Press Release for Tuesday, May 1, 2007
UNF Presents Jacksonville Teachers Gladys Prior Awards
Contact: Joanna Norris, Assistant Director
Department of Media Relations and Events
Four Duval County public and private teachers are winners of the 2007 Gladys Prior Awards for Teaching Excellence, administered by the University of North Florida’s College of Education and Human Services. The teachers will each receive $12,000.
The Gladys Prior Awards for Teaching Excellence—one of the largest teacher awards in the nation—were established in 1998 by Gilchrist Berg to honor the late Gladys Prior, his fourth-grade teacher at Ortega Elementary School, who inspired him to succeed. Berg is the founder and president of Water Street Capital, a Jacksonville investment firm.
Larry Daniel, dean of the UNF College of Education and Human Services, will present the awards Monday, May 7, at John Stockton Elementary School at 8:30 a.m. as well as at Paxon School for Advanced Studies at 10 a.m. and Stanton College Preparatory School at 11:30 a.m.
The winners are as follows:
Cindy Fitch teaches fifth grade math at John N. C. Stockton Elementary School. She has been a teacher for 34 years. The parent volunteer who nominated her says Fitch “assures every child that she values who they are and that it is safe for them to ask questions, to try something new, or to not understand.” She uses careful assessment, solid teaching principles and humor to ensure that students master math. Each year her students score among the highest in Duval County on the FCAT math.
Fitch differentiates instruction to meet the individual needs of all her students. When a foster child moved away, she fought to get her bussed back to finish the year at Stockton, where she had found success. Fitch models the joy of helping others, involving her students in community service activities such as collecting teddy bears for cancer patients and adopting a needy family at Christmas.
Mai Keisling, a graduate of Jacksonville University, has been a teacher for 14 years and teaches at Paxon School for Advanced Studies. Although she is an art and art history teacher, one student said that she goes out of her way to help students who struggle in calculus, pre-calculus and physics.
Two other students credit Keisling with keeping them at Paxon with her constant support and encouragement. She wouldn’t let them give up. As one said, “By believing in me and encouraging me to make good decisions, I ultimately made the right choice: to remain at Paxon my senior year.”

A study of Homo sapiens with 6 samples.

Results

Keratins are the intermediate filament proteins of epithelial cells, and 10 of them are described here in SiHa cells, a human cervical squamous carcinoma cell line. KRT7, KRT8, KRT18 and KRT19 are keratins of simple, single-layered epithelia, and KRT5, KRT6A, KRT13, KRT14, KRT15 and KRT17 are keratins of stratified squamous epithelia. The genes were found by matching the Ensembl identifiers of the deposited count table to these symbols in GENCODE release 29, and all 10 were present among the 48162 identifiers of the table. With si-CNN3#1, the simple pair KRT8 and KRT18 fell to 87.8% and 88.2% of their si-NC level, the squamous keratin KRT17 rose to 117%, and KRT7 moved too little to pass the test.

Keisling believes that nothing is impossible. She learned this the hard way, as a teenager escaping with her siblings from Vietnam on an overloaded boat in the dark of night.
Ben MacKay teaches history at Stanton College Preparatory School. A student at Davidson College said that MacKay’s charisma and passion changed the course of his academic career, opening his eyes to the liberal arts. “I learned more in his two history classes than the rest of my high school combined.”
MacKay is known for weaving his students’ interests into his history lessons, sending each student a holiday card and remembering their birthdays.
A parent-volunteer said, “One of the priceless lessons that my son learned from Mr. MacKay was his example for helping others and putting that in front of your own personal financial gain.”
Maria Perez Randle has taught math at Bishop Kenny High School for 36 years. A graduate of Jacksonville University, she consistently prepares her students to earn high scores on the Advanced Placement calculus test. Students return year after year to thank her for their excellent preparation in math.
When students complain that higher math is too hard, she assures them if she could learn English then they can learn math. As a 12 year old, Randle and her sister emigrated from Cuba in 1960 and lived in a foster home.
As one of her students said, “She won’t stop until you know it. She doesn’t move on until we all understand.” Another said, “Her enthusiasm is contagious and inspires me to do my best work.”